Gov. Inslee today released his plans for funding education. There will doubtless be much more written on his proposals, including by us. But we suspect today’s headline will be the revenue package.
The revenue “highlights” brief summarizes,
Overall, the governor is proposing nearly $4.4 billion in net new revenue for the 2017–19 operating budget. The vast majority of that will go toward ensuring sustainable full funding for education, signi cantly expanding community services for mental and behavioral health services, and supporting investments in homelessness, public health and other key priorities. The governor is proposing about $800 million in additional new revenue to fund projects in his capital budget.
Importantly, the governor’s revenue package would reduce local property taxes. School districts now fund a signi cant portion of the state’s basic education obligations through local property taxes — a practice the state Supreme Court has ordered the Legislature to fix.
Under the governor’s plan, every school district would receive more money from the state. The infusion of state funding would reduce local school district property tax levies. Initial estimates indicate that local school taxes during the next biennium would be reduced by at least $250 million per year and that more than three-fourths of households and businesses statewide would get a property tax cut.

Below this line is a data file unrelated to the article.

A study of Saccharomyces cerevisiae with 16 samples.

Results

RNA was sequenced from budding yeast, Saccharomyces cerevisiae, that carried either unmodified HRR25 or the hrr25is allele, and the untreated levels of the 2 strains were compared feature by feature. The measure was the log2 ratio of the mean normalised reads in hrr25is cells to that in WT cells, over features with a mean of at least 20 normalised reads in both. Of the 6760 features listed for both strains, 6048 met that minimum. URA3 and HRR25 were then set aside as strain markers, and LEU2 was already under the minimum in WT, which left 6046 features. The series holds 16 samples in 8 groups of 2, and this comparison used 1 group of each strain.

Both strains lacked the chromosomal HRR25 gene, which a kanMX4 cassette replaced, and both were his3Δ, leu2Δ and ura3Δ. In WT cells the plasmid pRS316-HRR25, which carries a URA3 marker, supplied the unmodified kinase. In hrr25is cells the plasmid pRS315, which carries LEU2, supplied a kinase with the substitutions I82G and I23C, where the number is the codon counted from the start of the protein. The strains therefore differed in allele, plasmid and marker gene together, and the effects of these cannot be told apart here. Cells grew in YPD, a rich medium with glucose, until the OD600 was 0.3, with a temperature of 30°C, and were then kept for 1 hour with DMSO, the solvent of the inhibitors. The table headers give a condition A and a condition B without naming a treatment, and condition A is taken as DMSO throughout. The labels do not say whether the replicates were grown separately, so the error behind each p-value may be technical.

The governor’s budget office provides additional discussion of the proposed capital gains tax.
Gov. Inslee proposes a capital gains tax on the sale of stocks, bonds and other assets to increase the share of state taxes paid by Washington’s wealthiest taxpayers.
The state would apply a 7.9 percent tax to capital gains earnings above $25,000 for individuals and $50,000 for joint filers. The new tax would affect an estimated 48,000 taxpayers. Retirement accounts, homes, farms and forestry are exempt. The proposal will raise an estimated $821 million in fiscal year 2019.
The actual amount collected will depend on fluctuations in the financial markets, and can be expected to vary from year to year. The state can manage these fluctuations through careful budgeting. Earned income from salaries and wages are not capital gains and will not be taxed at all under this proposal.
The rest of the governor’s budget will be released tomorrow.